Vijender, the game changer

Vijender Singh’s victory against Francis Cheka enhanced the World and Olympic medallist’s image and projected him as a boxer destined for bigger things in the professional circuit.

Francis Cheka takes a beating. "I was thrashing him for fun. I could have hammered him in the second round after that right to the chin, but I wanted to have revenge for all that he had said about me before the fight. He had called me a kid but I showed him the reality with my boxing,” said Vijender Singh.   -  AFP

Vijender Singh celebrated Christmas and New Year early by knocking out Francis Cheka of Tanzania and defending his first professional title, the WBO Asia Pacific super middleweight crown, in style on December 17.

Thanks to the rhetoric-laden onslaught by Cheka, a former World and Inter-continental champion with a record of 32 wins in 43 bouts, in the build-up to the fight followed by Vijender’s antics inside the ring, this contest has to be the most dramatic one for the Indian boxer in his short eight-bout professional career. In sharp contrast to his aggressive posturing prior to the bout, Cheka appeared too cautious and faint-hearted inside the ring. Delivering a jaw-clattering right in the second round and then crossing his legs and locking his hands behind, a smiling Vijender gave indications of ending his title defence early. Moving with the finesse of a dancer, the Indian unleashed a few more punches on Cheka in the third before the referee stopped the contest within nine minutes of the round.

“I was thrashing him for fun. I could have hammered him in the second round after that right to the chin, but I wanted to have revenge for all that he had said about me before the fight. He had called me a kid but I showed him the reality with my boxing,” said Vijender, showing he has now learned how to speak apart from delivering punches.

“Two months of training and hard work in Manchester has done me good. He was talking big but I believed in punch-power. I am happy the title is still with me,” said Vijender, who dedicated his victory to the Indian soldiers, who laid their lives for the country.

More than the title defence, the victory — Vijender’s seventh knockout in eight fights — enhanced the World and Olympic medallist’s image and projected him as a boxer destined for bigger things in the professional circuit.

If professional boxing has to do well in the Indian market, then it must promote Vijender as a larger-than-life icon. The title defence had the ingredients to put him in that direction.

The 31-year-old boxer’s two fights, including his victory against Kerry Hope of Australia for the Asia Pacific crown in July in Delhi, have achieved the primary objective of giving the Indian fans a taste of pro boxing and making the sport a little popular in the country.

The congregation of celebrities, including Olympic medallists Sushil Kumar, Yogeshwar Dutt, Mary Kom and a host of Bollywood stars, added colour to the fight. The Thyagaraj Stadium might not have the appeal of Madison Square Garden, but it is definitely the place where the foundation stone of pro boxing in the country has been successfully laid.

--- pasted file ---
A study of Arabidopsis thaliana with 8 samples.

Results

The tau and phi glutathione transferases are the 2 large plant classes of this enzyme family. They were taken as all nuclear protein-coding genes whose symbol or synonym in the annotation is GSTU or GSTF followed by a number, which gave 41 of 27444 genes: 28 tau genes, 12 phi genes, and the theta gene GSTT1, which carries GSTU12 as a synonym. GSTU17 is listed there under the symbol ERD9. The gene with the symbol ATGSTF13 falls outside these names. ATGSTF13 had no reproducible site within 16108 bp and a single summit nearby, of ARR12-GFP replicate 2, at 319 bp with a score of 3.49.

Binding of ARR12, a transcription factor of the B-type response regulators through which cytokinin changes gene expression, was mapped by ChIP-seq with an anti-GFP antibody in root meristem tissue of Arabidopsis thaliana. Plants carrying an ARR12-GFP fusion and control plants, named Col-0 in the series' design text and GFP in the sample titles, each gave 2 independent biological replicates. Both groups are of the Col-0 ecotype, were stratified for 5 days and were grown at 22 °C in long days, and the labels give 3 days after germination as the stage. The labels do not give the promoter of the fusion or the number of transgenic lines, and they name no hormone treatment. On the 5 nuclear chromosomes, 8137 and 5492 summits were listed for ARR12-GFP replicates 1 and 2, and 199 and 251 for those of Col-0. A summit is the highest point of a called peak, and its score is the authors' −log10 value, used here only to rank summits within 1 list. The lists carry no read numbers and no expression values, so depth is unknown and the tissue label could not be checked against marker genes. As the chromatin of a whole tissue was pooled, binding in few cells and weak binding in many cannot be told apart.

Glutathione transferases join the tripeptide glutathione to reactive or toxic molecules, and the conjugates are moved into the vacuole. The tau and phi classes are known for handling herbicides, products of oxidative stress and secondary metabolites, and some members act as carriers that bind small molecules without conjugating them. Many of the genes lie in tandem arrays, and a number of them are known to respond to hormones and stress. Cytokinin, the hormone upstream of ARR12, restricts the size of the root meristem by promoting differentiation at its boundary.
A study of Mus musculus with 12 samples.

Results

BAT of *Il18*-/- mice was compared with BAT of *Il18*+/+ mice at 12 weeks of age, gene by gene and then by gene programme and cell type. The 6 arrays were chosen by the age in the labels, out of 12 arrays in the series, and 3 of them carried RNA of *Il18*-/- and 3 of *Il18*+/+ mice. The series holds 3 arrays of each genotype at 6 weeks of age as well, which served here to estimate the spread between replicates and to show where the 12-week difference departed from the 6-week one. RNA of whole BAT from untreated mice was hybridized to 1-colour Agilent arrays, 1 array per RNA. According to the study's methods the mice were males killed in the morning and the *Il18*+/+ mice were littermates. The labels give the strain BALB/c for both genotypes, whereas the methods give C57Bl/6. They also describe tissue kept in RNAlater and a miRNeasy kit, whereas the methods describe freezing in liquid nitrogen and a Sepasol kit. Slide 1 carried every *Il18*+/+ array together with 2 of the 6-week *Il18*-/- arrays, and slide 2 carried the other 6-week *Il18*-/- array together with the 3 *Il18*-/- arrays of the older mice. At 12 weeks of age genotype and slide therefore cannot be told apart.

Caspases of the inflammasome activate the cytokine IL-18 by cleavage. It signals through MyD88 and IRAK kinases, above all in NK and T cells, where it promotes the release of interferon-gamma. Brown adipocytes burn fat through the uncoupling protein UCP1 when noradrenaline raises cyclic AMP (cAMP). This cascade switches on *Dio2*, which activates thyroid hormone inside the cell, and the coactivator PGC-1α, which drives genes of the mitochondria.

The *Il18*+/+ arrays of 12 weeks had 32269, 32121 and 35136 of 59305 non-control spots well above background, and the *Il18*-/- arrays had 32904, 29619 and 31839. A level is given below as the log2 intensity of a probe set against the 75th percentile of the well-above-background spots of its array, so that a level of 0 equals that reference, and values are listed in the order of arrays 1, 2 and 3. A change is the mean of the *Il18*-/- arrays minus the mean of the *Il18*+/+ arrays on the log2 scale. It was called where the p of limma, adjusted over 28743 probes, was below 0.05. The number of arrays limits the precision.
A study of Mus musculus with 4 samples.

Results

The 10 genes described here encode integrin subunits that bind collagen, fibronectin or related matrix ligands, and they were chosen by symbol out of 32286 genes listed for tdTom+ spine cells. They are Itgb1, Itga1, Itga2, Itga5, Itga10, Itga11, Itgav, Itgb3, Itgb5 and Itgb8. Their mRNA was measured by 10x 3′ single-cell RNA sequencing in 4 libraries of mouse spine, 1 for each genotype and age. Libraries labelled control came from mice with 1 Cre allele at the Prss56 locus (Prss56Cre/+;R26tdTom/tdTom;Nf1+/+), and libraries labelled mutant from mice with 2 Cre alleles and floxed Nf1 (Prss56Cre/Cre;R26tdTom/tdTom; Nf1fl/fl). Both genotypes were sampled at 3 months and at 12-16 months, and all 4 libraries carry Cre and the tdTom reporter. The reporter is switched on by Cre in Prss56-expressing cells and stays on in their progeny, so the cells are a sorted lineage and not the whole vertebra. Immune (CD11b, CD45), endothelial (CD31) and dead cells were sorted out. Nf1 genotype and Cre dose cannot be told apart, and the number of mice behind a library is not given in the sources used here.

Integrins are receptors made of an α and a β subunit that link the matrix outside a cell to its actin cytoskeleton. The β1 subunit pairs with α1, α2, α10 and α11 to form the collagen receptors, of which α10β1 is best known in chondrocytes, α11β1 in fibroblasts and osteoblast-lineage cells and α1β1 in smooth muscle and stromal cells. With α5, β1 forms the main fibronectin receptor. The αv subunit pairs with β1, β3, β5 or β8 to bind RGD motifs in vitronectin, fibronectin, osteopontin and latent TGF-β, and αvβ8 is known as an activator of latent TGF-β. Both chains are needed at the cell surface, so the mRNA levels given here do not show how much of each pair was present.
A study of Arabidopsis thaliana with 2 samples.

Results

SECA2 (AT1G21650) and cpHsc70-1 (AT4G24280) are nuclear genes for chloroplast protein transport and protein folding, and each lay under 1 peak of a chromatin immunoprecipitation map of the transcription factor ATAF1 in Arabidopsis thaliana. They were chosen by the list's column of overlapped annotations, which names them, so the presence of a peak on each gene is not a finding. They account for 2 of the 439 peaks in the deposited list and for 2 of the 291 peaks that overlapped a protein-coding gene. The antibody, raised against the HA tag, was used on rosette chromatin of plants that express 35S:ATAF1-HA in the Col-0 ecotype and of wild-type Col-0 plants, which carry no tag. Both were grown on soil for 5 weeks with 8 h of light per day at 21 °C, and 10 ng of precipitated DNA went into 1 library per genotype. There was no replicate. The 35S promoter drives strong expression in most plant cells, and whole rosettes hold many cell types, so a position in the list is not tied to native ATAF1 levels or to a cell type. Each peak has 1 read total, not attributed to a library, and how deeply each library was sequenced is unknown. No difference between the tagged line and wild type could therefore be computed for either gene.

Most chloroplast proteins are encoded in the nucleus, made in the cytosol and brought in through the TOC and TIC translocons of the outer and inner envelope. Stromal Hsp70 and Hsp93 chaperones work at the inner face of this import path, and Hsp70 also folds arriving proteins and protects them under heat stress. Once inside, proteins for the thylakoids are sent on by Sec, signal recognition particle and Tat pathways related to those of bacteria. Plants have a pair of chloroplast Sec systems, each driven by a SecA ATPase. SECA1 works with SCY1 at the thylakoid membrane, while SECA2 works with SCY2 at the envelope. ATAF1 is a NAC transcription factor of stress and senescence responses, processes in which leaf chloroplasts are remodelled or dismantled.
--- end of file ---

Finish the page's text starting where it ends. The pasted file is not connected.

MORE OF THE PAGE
The event would have gained more attention had Olympians Akhil Kumar and Jitender Kumar got the clearance from their employer, Haryana Police, and fought their first professional bouts on the same day.

Nevertheless, now that Vijender has retained his Asia Pacific title, he can aspire to go for a Commonwealth, European or Oriental title before having a go at the coveted World crown. His promoters, IOS and Queensberry Promotions, have been guiding him well, going systematically with the bouts.

Surely, Vijender is not going to have all his fights in India with the backing of his vociferous home fans. Tougher opponents in different countries will push Vijender harder, and he should be mentally prepared to go the distance to establish himself as a well-known name in professional boxing. Vijender’s promoters have said that he might have his fights in the UK, China or Dubai next year.

Thanks to Vijender’s well-marketed fights, the environment is becoming suitable for the growth of professional boxing in India.

The Indian Boxing Council (IBC) has signed a Rs. 100 crore deal with Sporty Solutionz and has been hiring boxers to conduct its bouts next year.

Several reputed boxers, such as former Asian Games silver medallist Manpreet Singh, former Commonwealth Games silver medallist Som Bahadur Pun, former World cadet champion Vipin Kumar, former World Military Games champion Sanjay Kolte and former Asian junior champion Santosh Harijan, have signed up with the IBC after the Services Sports Control Board (SSCB) allowed its boxers to turn pro.

The IBC has more surprises in store and is expected to rope in several other big names, including some elite women boxers, in the coming weeks.

Professional boxing, which was a lesser-known sporting activity in India prior to Vijender turning pro, is strengthening its roots because of multiple initiatives.

It looks like making a bigger impact in the country in the next few years.